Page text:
Every year, the Rare Genomics Institute sponsors a global competition for researchers working on rare diseases, offering them the chance to win some of the latest tools and technologies in life sciences research. The rare disease research community has certainly noticed: This year, the BeHEARD (Helping Empower and Accelerate Research Discoveries) Award attracted submissions from 99 universities and foundations in 21 countries.
“Over $600,000 worth of cutting-edge technologies were awarded to study 31 rare diseases,” said Claudia OuYang, BeHEARD Co-Director in a release. The research teams studying four of those rare diseases will receive plasmids from Addgene worth a total of $5000.
One of those teams is led by Claudio Aguilar (right) at Purdue University and is working to understand Lowe Syndrome, a devastating genetic disease caused by mutations in the OCRL1 gene that leads to the early death of young patients as their kidneys fail. The condition was first described more than 60 years ago, but there is still no treatment available.
Aguilar is a basic cell biologist. He got interested in Lowe Syndrome initially because of studies on OCRL1 already underway in his lab. The gene appears to play a role in many cell processes involving cell membrane dynamics. When they learned there was a disease associated with the gene, it piqued their interest. They obtained cells from patients with the condition to reveal some “outstanding differences.” They now have some theories on the underlying mechanism, involving the primary cilia. They’ll put a variety of plasmids to work to explore the effect of various OCRL1 mutations on cell behavior in greater detail.
The goal is not just to understand the disease better but hopefully also to find a way to fix the problem. “We’ve had the opportunity to meet a few patients that suffered this disease,” Aguilar said. “Once you have that, there is no coming back. The whole lab is emotionally attached to this disease.”
He says that the award from the Rare Genomics Institute and Addgene will make a substantial difference in pushing the work forward.
Hendrik De Buhr (top right) and his colleagues at the Wistar Institute in Philadelphia, PA will put their award to work on a condition called xeroderma pigmentosum (XP). This recessive genetic condition leaves patients incredibly sensitive to sunlight and prone to developing metastatic melanomas and other cancers.
Joshua Wang (bottom right), also of the Wistar Institute, says that the lab got interested in XP out of a desire to understand the early events in the transformation of healthy cells into melanoma cells. They’ll combine induced pluripotent stem cell (iPS) technology and CRISPR-Cas9 constructs from Addgene to gene-edit mutations into XP genes and other genes involved in photosensitivity in melanocytes with the goal of understanding both XP and melanoma more broadly.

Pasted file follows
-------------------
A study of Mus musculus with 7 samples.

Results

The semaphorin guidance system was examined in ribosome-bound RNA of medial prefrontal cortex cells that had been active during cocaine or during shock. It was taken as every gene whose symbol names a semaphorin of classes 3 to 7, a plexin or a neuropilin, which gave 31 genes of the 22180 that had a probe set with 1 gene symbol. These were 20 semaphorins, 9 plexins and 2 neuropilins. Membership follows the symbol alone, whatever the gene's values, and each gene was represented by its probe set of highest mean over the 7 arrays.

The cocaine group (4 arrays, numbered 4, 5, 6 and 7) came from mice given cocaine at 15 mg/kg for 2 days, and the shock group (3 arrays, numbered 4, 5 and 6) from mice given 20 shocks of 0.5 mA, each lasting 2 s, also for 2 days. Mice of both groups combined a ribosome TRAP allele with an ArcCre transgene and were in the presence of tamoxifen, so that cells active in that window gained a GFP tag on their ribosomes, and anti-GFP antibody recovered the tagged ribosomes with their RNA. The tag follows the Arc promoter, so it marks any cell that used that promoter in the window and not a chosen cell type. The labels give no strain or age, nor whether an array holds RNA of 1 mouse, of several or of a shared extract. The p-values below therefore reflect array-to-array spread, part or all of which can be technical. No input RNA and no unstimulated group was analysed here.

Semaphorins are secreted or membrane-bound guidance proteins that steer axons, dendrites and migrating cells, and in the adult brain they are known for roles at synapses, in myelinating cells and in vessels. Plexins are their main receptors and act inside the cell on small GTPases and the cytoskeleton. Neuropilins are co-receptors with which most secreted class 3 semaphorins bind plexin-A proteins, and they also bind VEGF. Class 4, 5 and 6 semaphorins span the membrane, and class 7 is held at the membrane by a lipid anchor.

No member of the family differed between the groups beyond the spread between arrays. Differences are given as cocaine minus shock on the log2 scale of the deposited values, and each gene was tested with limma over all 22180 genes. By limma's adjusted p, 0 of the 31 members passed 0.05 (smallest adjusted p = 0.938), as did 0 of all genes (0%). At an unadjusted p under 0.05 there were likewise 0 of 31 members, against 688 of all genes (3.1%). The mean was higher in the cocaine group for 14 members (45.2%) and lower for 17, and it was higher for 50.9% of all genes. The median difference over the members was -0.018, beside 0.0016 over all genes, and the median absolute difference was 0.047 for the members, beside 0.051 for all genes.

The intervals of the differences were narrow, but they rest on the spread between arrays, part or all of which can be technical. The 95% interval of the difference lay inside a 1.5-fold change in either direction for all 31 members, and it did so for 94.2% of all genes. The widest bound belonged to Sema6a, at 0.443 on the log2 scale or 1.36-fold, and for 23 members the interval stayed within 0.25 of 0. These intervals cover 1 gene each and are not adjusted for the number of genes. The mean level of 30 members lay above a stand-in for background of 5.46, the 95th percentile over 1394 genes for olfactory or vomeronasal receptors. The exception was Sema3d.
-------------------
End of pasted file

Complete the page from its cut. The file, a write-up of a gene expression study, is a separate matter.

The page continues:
“This [award] is pretty great for us,” Wang said. “We were planning on and looking at a bunch of different strategies with CRISPR-Cas9. There are so many different variants and strategies out there. This will help us acquire a lot of those plasmids so that we can try many different things in parallel.”
Alternating Hemiplegia of Childhood
Melodi McSweeney (right), a graduate student at Duke who has recently moved to Columbia University with David Goldstein’s lab, will use GFP-ATP1A3, FLAG-ATP1A3, and ATP1B3 plasmids to explore the functional differences among mutations responsible for the disease known as Alternating Hemiplegia of Childhood (AHC). Patients affected by AHC suffer from recurrent attacks of unilateral paralysis (hemiplegia) that are often painful and accompanied by migraines. Those attacks can be brought on by a number of stressors, including emotional stress or changes in temperature.
“The disease was first described in 1971,” McSweeney said. “But, it is still sometimes wrongly diagnosed as a seizure disorder.”
In 2012, researchers identified the gene responsible for the disease as ATP1A3. The gene encodes a sodium-potassium pump expressed specifically in neurons of the brain. McSweeney says they now think that mutations in the gene may prevent neurons from returning to basal conditions normally after periods of high activity.
The new work will help them to understand how different mutations lead to differences in the symptoms experienced by AHC patients.
Last but not least, Meng-Shin Shiao (right) of Mahidol University’s Ramathibodi Hospital in Thailand and colleagues will put their award to work on Waardenburg syndrome, a rare disease that can cause hearing loss and changes in coloring of the hair, skin, and eyes. The researchers found that seven patients diagnosed at their hospital with one form of Waardenburg syndrome (WS4) by Pediatrician Duangrurdee Wattanasirichaigoon carried different mutations in a gene called SOX10.
To understand the functional role of those mutations, they now plan to use CRISPR-Cas9 technology to create cell lines and/or mouse models carrying different SOX10 mutations. More specifically, they’ve proposed to use plasmids with modified nickase Cas9 protein in order to target the specific gene region more precisely.
To put this award into perspective, Shiao wrote in an email: “In Thailand, our annual operating budget is approximately 20,000 USD and we are working on several genetic diseases at the same time. The limitation of budget restrained us from costly functional analyses.
“We believe that with this award from Addgene, we’ll be able to make big progress in elucidating association between SOX10 and WS4 and also several other rare genetic diseases. We hope kids in Thailand will receive much better health care in the future based on our studies.”
Thank you to all the BeHeard Awardees for speaking with us!